HC Deb 17 December 1953 vol 522 cc552-4
8. Mr. G. Jeger

asked the Minister of Labour whether he is now in a position to state the result of his review of the present system of deferments of farmworkers, with a view to allowing a change of employer within the industry.

12. Mr. C. Hughes

asked the Minister of Labour if he has now arrived at a decision regarding the call-up for National Service of farmworkers who transfer from one farm to another; and if he will make a statement.

13. Mr. Watkins

asked the Minister of Labour whether he will make a further statement about the proposed call-up of farm workers who have transferred from farms after their deferment and for which further applications for deferment are pending.

Mr. Watkinson

My right hon. and learned Friend has already explained the difficulties of principle that he feels about this problem. Nevertheless, we recognise the strength of the representations made to us that it would be a serious set-back to production on the small farms if we were to start, at this stage, refusing all applications for further deferment of men who have had deferment on one farm and change their employment. Accordingly, for these practical reasons, we are prepared to allow the old practice to continue for the time being. We propose, however, to review the position again towards the end of next summer in the light of further experience.

Mr. Jeger

Will the hon. Gentleman consult the National Farmers' Union and the unions catering for agricultural workers on this question? Does he realise that there is a great sense of grievance and injustice about tieing men to specific farms or farmers, instead of to the industry generally, which would be an advantage.so far as production is concerned?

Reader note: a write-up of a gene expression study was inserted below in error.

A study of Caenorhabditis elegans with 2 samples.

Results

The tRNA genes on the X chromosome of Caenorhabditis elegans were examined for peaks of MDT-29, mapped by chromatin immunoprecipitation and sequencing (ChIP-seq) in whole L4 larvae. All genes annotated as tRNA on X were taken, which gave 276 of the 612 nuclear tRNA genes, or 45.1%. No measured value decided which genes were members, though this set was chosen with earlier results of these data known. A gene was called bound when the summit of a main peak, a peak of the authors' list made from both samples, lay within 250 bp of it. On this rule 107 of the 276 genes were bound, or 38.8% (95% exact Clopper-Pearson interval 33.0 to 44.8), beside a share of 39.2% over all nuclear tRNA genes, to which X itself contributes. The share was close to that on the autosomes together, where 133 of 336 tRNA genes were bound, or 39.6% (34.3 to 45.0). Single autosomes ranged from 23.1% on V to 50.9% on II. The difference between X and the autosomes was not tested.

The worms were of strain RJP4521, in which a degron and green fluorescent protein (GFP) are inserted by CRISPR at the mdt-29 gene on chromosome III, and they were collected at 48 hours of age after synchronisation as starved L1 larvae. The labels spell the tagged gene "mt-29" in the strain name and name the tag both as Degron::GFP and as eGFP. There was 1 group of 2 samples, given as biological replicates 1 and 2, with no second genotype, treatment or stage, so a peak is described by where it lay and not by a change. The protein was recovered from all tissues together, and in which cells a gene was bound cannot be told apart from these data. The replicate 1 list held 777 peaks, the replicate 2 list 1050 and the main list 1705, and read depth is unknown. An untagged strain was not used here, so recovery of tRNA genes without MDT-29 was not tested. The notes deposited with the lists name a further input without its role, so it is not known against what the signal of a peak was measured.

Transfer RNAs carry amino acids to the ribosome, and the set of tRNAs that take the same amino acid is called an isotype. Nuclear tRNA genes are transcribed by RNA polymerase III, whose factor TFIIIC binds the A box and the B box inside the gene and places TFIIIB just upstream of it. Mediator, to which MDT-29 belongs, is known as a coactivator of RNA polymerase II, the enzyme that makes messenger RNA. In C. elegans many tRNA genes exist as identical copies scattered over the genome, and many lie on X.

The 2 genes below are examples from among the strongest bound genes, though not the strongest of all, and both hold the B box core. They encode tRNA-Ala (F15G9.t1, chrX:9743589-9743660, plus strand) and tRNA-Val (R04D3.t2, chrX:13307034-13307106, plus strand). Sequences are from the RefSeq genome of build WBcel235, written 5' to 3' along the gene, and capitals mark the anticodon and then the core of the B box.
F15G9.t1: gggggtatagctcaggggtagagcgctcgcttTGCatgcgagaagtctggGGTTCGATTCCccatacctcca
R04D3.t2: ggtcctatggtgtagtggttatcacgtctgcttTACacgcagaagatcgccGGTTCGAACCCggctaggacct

Mr. Watkinson

That does apply under the present arrangements.

Commander Donaldson

Will my hon. Friend also take into consideration the great concern in Scotland on this subject, and make it clear that the answer he has just given applies to Scotland as well?

Mr. Watkinson

Yes, Sir.

Science and Mathematics Teachers (Exemption)

10. Mr. Morley

asked the Minister of Labour if he will consider taking measures to exempt intending teachers of science and mathematics in secondary schools from military service.

Mr. Watkinson

My right hon. and learned Friend has not yet received any representations on this matter.

Mr. Morley

Is the Minister aware of the very great scarcity of science and mathematics teachers in secondary schools, and of the fact that that scarcity will be considerably increased when the post-war higher birth-rate affects the secondary schools in three years' time? Would it not be in the national interest to give some such inducement as this to science and mathematics graduates to take up the teaching profession?

Mr. Watkinson

We still have had no representations.

Mr. W. R. Williams

Are we to assume that the Minister of Education has not made the Minister of Labour aware of the difficulties experienced in this field?

Mr. Langford-Holt

Will my hon. Friend undertake to reconsider the whole question of calling up in peacetime, at considerable expense for training, those who, in no circumstances, would be required to serve in the Armed Forces in wartime?

Mr. Watkinson

We are always only too pleased to look at any of these problems, and if my hon. Friend and any other hon. Gentleman likes to make any representations we will certainly consider them.

Mr. Marquand

Will the hon. Gentleman ask his right hon. and learned Friend to review again the work of the Hankey Committee on technical personnel during the war, and to consider whether the time may not have come for possibly a temporary resurrection of that committee?

Mr. Watkinson

We will certainly have a look at that.